Friday, March 8, 2013

Sperm whales: How plastic bags are poisoning the planet's greatest predators | Mail Online

Sperm whales: How plastic bags are poisoning the planet's greatest predators | Mail Online: In another recent and tragic case, a group of seven sperm whales stranded themselves on a Mediterranean beach. They had been driven into shallow waters, possibly by military sonar exercises. There they were unable to feed on squid. And since whales get their liquid from their food, they began to dehydrate.

Then, their starving bodies began to break down fat — to deadly effect. The pollutants they’d absorbed from the ocean and had been deposited in their fat were released.

They included heavy metals such as mercury, lead and cadmium, and organochlorines like PCBs and DDTs, even fire-retardants used on modern furnishings.

In effect, the whales were poisoning themselves. Fatally weakened, they stranded themselves together on the shore, demonstrating the unswerving loyalty to each other for which their species is renowned.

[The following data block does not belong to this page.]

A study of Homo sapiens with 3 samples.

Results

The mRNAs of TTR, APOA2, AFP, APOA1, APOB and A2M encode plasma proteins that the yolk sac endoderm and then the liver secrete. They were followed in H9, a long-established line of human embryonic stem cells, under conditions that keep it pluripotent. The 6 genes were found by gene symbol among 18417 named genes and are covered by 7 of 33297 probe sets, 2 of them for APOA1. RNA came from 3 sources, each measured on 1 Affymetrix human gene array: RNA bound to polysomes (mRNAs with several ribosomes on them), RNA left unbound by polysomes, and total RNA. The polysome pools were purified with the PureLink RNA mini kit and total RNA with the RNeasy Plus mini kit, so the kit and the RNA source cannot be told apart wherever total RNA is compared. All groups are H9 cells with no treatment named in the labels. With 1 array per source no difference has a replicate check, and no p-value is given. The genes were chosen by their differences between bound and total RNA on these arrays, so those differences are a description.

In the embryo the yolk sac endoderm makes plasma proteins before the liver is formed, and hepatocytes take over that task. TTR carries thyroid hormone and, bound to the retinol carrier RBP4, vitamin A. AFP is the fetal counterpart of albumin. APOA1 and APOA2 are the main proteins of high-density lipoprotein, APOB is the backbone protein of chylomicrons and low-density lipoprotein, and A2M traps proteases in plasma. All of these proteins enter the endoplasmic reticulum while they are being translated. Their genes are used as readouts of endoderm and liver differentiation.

And when their carcases were dissected, it came as no surprise to discover an unusual amount of plastic, including the dreaded plastic bags, in their stomachs.

Pollution can have random or chaotic effects on the environment, if random then it can reach a normal equilibrium where it is tolerated with occasional deviations of severe harm. If chaotic then the effects can rise exponentially to a ceiling and collapse, for example some pesticides such as DDT caused mutations in animals and people leading to collapses in some populations. Here the whales encounter a tipping point where the levels of pollutants rose exponentially in their bloodstreams from being stranded. This would happen more often as this normal level of pollutants gets closer to a tipping point, random variation would increasingly push them over the edge into disaster.